The following is a guest post by Gloria Gonzalez, a 2011 Junior Fellow working with NDIIPP.
As August begins, our time as NDIIPP Junior Fellows is coming to an end. The four of us—Victoria Priester, Kristin Snawder, Cristina Bilmanis and myself—were introduced on The Signal at the beginning of June. Since then, we’ve worked on an assortment of projects related to NDIIPP, and presented a selection of our work in a culminating Junior Fellows Exhibit.
Victoria completed two large projects this summer: an analysis of web technology trends found on congressional websites and the North Carolina Outreach and Education Project. Victoria’s interest in political science motivated her to use the Library’s Web Archive to analyze the instances of web technology (like email, online donations, and social media outlets) found on congressional websites from 2002-2008. She presented her findings at the 2011 NDIIPP Partners Meeting in July.
For her NC outreach project, she developed an email and phone call campaign to promote NDIIPP’s personal archiving resources, and inform the group about the program’s Twitter and Facebook pages. Victoria explains, “the most rewarding part of my internship came about from the outreach project because I had the opportunity to express NDIIPP’s hopes for digital preservation collaboration by talking to librarians, historians and genealogists in the state about their current digital preservation projects and aspirations.” She finished the project by writing Carolina on My Mind: Marketing Digital Preservation for The Signal explaining the project and its outcomes.
During our internship, we all had the opportunity to participate in the partners meeting. The meeting gave us the chance to observe current work in the field of digital preservation and was a learning experience for all of us. Our thoughts about the meeting are expressed by Kristin who said, “the meeting was a highlight of my time here. It was nice to meet professionals involved with the progression of digital preservation. Working with them and being a part of the meeting’s conversation made us feel like part of the community.”
Kristin worked on a range of projects—from analysis to video production. After performing an analysis of digital preservation policies, she presented her findings to the Digital Preservation Working Group and wrote a blog post for the signal entitled, Facing Off with Digital Preservation. Kristin also created a Recollection view, “Digital Stewardship and Preservation Tools and Services,” which will soon be embedded into the website and replace the existing list of tools. She expressed her excitement about upgrading the list by saying, “the views I made will make it easier for people to come to the site and determine which tool is best for them. I view it as a sort of footprint I’m leaving behind at the library.” Other projects Kristin completed include the Junior Fellow Exhibit Video and a review of preservation policy documents for potential use within the Library that we worked on together.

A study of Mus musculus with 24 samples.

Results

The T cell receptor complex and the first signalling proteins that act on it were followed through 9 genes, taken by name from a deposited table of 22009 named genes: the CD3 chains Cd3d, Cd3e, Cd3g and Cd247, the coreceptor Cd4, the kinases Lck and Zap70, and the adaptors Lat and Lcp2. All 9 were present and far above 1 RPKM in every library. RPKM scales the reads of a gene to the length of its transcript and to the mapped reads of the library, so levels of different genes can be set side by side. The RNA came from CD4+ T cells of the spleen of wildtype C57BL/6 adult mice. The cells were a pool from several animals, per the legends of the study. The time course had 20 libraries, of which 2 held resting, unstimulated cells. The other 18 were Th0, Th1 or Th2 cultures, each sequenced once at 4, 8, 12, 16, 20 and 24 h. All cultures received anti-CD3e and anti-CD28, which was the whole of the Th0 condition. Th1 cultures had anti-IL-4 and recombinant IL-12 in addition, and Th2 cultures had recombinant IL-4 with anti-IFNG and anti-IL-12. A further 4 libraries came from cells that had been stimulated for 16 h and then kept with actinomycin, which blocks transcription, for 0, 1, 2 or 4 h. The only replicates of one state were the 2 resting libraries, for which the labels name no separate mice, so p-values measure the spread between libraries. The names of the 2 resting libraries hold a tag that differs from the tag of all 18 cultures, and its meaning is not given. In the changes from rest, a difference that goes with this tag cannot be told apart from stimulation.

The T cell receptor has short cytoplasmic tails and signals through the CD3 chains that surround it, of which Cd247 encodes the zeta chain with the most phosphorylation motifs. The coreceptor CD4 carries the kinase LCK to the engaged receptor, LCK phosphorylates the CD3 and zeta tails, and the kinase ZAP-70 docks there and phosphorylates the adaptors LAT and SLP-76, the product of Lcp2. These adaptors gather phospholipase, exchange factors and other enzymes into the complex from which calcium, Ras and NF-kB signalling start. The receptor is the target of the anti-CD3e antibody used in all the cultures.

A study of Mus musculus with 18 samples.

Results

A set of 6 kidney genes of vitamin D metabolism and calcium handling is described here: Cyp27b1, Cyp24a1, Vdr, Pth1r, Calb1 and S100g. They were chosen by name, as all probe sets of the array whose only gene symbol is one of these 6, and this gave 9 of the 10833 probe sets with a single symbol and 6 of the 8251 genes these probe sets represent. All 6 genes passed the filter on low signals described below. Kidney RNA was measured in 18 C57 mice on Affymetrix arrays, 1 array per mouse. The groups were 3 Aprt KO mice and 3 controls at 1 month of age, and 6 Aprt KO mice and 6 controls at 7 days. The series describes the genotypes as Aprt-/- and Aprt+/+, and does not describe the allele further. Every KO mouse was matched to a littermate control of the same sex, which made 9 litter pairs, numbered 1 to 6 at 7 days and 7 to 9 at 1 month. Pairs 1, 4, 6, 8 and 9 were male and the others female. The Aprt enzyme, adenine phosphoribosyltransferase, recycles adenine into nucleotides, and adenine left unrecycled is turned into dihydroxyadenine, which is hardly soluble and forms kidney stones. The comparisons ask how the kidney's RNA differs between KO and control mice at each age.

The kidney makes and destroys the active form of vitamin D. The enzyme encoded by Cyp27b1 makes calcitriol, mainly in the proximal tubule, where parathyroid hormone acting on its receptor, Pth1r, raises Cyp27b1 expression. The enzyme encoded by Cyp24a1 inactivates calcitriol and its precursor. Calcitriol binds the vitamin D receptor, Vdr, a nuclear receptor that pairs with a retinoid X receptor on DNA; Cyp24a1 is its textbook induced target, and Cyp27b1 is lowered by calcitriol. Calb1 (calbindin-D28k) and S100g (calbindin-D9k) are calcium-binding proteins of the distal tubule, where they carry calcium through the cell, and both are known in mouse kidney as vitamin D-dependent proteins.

Cristina’s projects were well suited for her fine arts and graphic design background. The first project Cristina completed was a banner for the Web Archiving website. She found this project to be particularly exciting. She explained, “creating the Web Archiving banner was really fun because I was able to dive in and explore the collections in the process of searching for images to use for the banner.” Among Cristina’s other designs are a table tent used to promote the National Digital Stewardship Alliance during the Partner’s Meeting. Another important project for her was designing a bookmark to promote The Signal at the National Book Festival in September.
When asked about her experience as an NDIIPP Junior Fellow Cristina said, “my time here has been a huge step in the development of my career. Getting to do professional design for a federal institution and seeing my work implemented on the website and promotional items was extremely fulfilling.”
I also found my time here at the Library to be very rewarding. My work here allowed me to develop my specific interests within librarianship and explore aspects of digital preservation that were previously unknown to me. Working with NDIIPP and the NDSA caused me to realize how far reaching the issues of digital preservation are—affecting everything from personal archiving to scientific data and geospatial humanities.
Bill LeFurgy, our supervisor, was very pleased with our work. “All of you did a fantastic job helping us with important projects,” he said. “We also appreciate your boundless enthusiasm–it’s a beautiful thing!”
Leaving the Library will be tough for all of us because we have enjoyed our summer so much, but the departing words of Dr. Deanna B. Marcum, Associate Librarian for Library Services, were helpful in putting our experience into perspective. She said, “even though you’re time as Junior Fellows has ended and you’ll be leaving the library, the work you’ve done and what you’ve left behind will always be here and regardless of your future career, the library has imprinted upon you the understanding how important libraries are to schools, communities and our nation.”